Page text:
Wednesday, April 10, 2013
I very rarely venture out of the safe and high quality surroundings of the Mayfair for my big screen movie watching. Usually the only time I'm not at the Mayfair for watching movies it's because I'm doing to so at a special event like the Ottawa Animation Fest, or Fantasia or the Montreal Comiccon. A couple times a year I will go to the multiplex to see a new Hollywood release, but I never spend money in doing so. I will make use of points off of my Visa card or I'll be going because I got a hold of some advance screening preview passes. That helps me feel as if I'm not cheating on the Mayfair.
Last night my friend was nice enough to take me out for a belated movie night viewing of the new Evil Dead movie. I am fairly confident that we will screen the latest deadite gore-fest sometime in the near future, but I've had bad luck with spoilers of late and wanted to see the film before some jerk ruined plot twists or surprises for me. I unfortunately came to remember something last night. I hate multiplexes. I don't just say that as a repertory theatre owner.
Well, to be fair, in this instance there was nothing wrong with the multiplex side of the screening presentation. In recent past there have been all kinds of different issues with my multiplex movie viewing experience. This time around it was really more my loss of faith in humanity vs sub-par movie patron customer service. I don't want to generalize or profile, but when a overweight Vanilla Ice looking 20-something in a too small Chicago Bulls cap and too big Chicago Bulls jersey rolls in with a similarly attired gang of incorrect baseball cap wearing guys and reality show star looking girls roll in, there is a sense that annoyance is on the horizon. And it was indeed annoying with lots of talking and cel phone checking on their part.
Then there were a group of women sitting behind us who somehow seemed to not realize that they had bought a ticket, entered a theatre, and had instigated the interaction of being in the presence of a horror movie. I think they thought that a movie called Evil Dead was a Julia Roberts romantic comedy or involved a plot-line in which Matthew McConaughey learns himself a valuable lesson. And half the audience thought it was completely acceptable to comment along with the movie as if they were sitting at home with a friend on the couch. Not just punk kids, but grown-up productive members of society who should know better and feel ashamed. After the experience I feel I'm happy to stay in my Mayfair home at all times to watch movies.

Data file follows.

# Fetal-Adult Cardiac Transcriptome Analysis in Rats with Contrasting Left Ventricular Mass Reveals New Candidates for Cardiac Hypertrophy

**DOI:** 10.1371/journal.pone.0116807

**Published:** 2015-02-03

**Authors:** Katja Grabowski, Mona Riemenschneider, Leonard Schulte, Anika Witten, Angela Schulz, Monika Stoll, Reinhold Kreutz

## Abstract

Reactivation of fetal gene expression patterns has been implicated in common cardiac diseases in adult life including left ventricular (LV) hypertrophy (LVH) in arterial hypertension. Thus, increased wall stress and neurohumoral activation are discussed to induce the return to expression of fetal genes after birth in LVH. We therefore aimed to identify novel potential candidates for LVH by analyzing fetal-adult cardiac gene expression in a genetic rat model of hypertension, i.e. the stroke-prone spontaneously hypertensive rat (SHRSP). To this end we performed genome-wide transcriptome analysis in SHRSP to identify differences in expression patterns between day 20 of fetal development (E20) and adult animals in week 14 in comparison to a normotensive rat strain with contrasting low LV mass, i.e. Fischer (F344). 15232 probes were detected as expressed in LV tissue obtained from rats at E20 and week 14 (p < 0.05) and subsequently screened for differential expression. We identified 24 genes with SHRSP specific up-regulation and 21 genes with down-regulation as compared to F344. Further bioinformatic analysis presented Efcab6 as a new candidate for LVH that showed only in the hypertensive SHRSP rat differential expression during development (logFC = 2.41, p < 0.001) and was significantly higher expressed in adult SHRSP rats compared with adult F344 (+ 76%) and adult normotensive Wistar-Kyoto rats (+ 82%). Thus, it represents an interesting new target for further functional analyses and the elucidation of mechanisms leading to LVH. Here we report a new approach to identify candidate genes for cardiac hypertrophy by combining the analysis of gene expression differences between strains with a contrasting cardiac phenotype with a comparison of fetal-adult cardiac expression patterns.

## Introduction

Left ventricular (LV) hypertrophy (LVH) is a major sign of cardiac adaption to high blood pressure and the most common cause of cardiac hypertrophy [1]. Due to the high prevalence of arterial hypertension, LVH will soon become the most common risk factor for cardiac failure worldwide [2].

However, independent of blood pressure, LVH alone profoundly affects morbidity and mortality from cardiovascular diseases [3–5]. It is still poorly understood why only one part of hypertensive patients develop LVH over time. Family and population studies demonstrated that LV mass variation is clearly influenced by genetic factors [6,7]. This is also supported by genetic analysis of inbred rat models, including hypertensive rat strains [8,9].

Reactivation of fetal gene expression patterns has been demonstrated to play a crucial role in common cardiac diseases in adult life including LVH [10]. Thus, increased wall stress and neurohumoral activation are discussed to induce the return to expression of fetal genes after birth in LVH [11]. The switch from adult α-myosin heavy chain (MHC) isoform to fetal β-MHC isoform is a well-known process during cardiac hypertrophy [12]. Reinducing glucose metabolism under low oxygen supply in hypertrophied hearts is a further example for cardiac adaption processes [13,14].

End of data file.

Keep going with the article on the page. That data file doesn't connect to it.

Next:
Anyhow, the good news on the night is that despite the sub-par and frustrating surroundings, I loved the movie. Fede Alvarez makes his feature film directorial debut and does so with style. What we have here isn't just a carbon-copy or unnecessary remake like The Ring or Friday the 13th, but an impressive addition to the Evil Dead legacy. It's scary, it has brains, some striking performances from the young cast, and most importantly is really scary.
The movie is produced by Sam Raimi, Robert Tapert and Bruce Campbell, the masterminds behind the previous three Evil Dead films. They are actual producers on it too, not just slapping their name on it in exchange for a pay-cheque. As people love to point out, Hollywood is in the midst of loving unoriginal properties, whether they be remakes, reboots, sequels, prequels, spin-offs or adaptations. I like to have a glass half full view on the situation, and look at examples like Evil Dead as filmmakers making the best of the situation. If we are going to have another Evil Dead movie instead of another new concept along the lines of Drag Me to Hell...I'm glad that those involved are giving it their all and making worthy films none-the-less.
We can only dream that the box office success so far ($29 million in its first four days off of a $17 million dollar budget) will lead to another horrific Evil Dead adventure, maybe even one with Bruce Campbell doing more than producing duties and stepping in front of the camera.